Typical: you wait decades for a release of Westwood’s Blade Runner game then two come along at once. The original 1997 adventure game popped up on GOG in December, powered by ScummVM, and now Nightdive Studios have announced an Enhanced Edition. They say they’ll update character models, upscale cutscenes, and improve the technical trimmings.

Westwood’s Blade Runner is a good’un, an adventure game running parallel to the film but not based on it, with a whole new rookie Blade Runner asking probing questions, getting chased through alleys, and doing magic on photographs. Certain characters and locations from the film pop up but it is its own separate thing, and certainly better for that. I’ve written before about my fondness for it, and particularly how you can stand on your flat’s balcony and just drink in the mood:

That’s all being fancied up by Nightdive Studios, the gang behind System Shock’s Enhanced Edition and its upcoming remake. Nightdive say that Blade Runner: Enhanced Edition “will feature updated character models and animations, upscaled cutscenes using machine learning algorithms, widescreen resolution support, keyboard and controller customisation, and much more.”

I’m often wary of applying AI upscaling to old games because limitations meant artists were implying things rather than portraying them, and AI makes it all weird by dragging things from the imagination to dull reality, but it might be okay here. The style of Blade Runner’s cutscenes is fairly clean and literal, and should be grand if it doesn’t try to make them ‘realistic’. I am more wary of the changes to character models. Yes, people are currently shifting blobs of pixels, but at least they’re the intended sort of weird. Nightdive insist that “fans will be pleased to learn that the original look and feel of the game is being preserved” so I’ll reserve judgement until they actually show it (everything in this post is from the original).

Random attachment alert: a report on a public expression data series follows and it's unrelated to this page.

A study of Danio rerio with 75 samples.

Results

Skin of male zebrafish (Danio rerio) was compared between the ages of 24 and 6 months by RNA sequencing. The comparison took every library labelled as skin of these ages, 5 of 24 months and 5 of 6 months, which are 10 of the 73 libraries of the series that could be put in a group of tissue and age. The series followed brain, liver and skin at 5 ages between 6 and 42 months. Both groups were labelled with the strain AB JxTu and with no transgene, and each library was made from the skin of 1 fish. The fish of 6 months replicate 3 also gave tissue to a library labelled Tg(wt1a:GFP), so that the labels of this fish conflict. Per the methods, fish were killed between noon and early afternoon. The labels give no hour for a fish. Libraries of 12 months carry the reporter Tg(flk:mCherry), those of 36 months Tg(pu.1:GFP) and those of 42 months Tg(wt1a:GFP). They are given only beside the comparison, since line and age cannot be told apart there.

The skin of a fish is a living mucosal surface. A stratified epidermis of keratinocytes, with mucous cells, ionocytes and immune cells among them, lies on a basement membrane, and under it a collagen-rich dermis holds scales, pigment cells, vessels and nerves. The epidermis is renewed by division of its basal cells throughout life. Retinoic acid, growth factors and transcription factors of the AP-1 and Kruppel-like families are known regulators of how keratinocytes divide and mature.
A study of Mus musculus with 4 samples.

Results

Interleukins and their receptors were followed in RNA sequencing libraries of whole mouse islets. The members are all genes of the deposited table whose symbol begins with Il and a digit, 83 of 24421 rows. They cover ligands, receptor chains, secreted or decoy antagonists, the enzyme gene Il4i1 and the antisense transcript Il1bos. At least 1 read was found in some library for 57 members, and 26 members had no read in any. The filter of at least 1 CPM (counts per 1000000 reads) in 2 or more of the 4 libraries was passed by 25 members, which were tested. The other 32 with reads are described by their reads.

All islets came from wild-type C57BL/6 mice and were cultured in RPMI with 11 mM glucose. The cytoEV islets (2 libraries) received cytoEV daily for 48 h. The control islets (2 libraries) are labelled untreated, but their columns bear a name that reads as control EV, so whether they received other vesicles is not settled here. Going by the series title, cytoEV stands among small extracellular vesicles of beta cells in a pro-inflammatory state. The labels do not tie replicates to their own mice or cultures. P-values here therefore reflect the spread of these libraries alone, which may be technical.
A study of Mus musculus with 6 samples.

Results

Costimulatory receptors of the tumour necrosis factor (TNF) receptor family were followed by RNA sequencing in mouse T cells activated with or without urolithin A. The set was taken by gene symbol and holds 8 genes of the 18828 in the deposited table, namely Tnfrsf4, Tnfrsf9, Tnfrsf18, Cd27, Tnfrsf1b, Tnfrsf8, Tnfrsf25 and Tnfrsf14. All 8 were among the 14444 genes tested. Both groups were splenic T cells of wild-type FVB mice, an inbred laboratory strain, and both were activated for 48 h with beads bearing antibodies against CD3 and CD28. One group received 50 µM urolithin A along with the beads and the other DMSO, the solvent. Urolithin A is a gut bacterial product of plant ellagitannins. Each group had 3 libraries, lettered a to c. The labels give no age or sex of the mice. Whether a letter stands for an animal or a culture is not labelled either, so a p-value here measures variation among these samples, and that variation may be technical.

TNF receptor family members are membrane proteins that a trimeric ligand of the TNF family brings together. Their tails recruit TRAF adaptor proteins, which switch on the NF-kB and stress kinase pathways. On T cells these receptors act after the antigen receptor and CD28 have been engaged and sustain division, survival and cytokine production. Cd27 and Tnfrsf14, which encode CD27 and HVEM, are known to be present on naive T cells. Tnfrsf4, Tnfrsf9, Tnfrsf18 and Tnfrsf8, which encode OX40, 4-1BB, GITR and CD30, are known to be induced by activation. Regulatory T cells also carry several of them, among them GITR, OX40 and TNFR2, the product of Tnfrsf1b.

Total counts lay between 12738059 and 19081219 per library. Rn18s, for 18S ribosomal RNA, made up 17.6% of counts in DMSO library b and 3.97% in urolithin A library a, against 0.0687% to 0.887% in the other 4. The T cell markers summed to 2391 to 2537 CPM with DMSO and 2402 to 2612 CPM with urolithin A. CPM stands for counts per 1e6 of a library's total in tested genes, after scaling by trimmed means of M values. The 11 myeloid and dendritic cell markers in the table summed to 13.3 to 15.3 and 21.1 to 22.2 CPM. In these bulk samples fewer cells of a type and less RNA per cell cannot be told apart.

I’ll stick with the original myself but a makeover persuades more people to play this fine game, that’s grand.

Sadly, this is the way it has to be, as Westwood lost the original code and assets years ago (and haven’t existed in nearly as long), so you’d need to start from scratch if you wanted to fully rebuild it.

“It’s true that the original Blade Runner source code was lost,” Nightdive’s Larry Kuperman told The Hollywood Reporter. “We painstakingly reverse-engineered the code, importing it into our own KEX engine, a powerful tool that allows us to do console ports of classic titles, even in the face of quite challenging situations.”

Huh! So it’s quite separate to the recent ScummVM effort fuelling GOG’s release?

Blade Runner: Enhanced Edition will is due to hit Steam later this year. It’s also coming to PlayStation, Xbox, and Switch. In the meantime, the original is £8 on GOG.

At least Nightdive, unlike Ridley Scott, can’t keep messing with Blade Runner’s story to make our boy Ray McCoy a replicant. He, like several other key characters, is already randomly picked to be a replicant or not every time you start a save.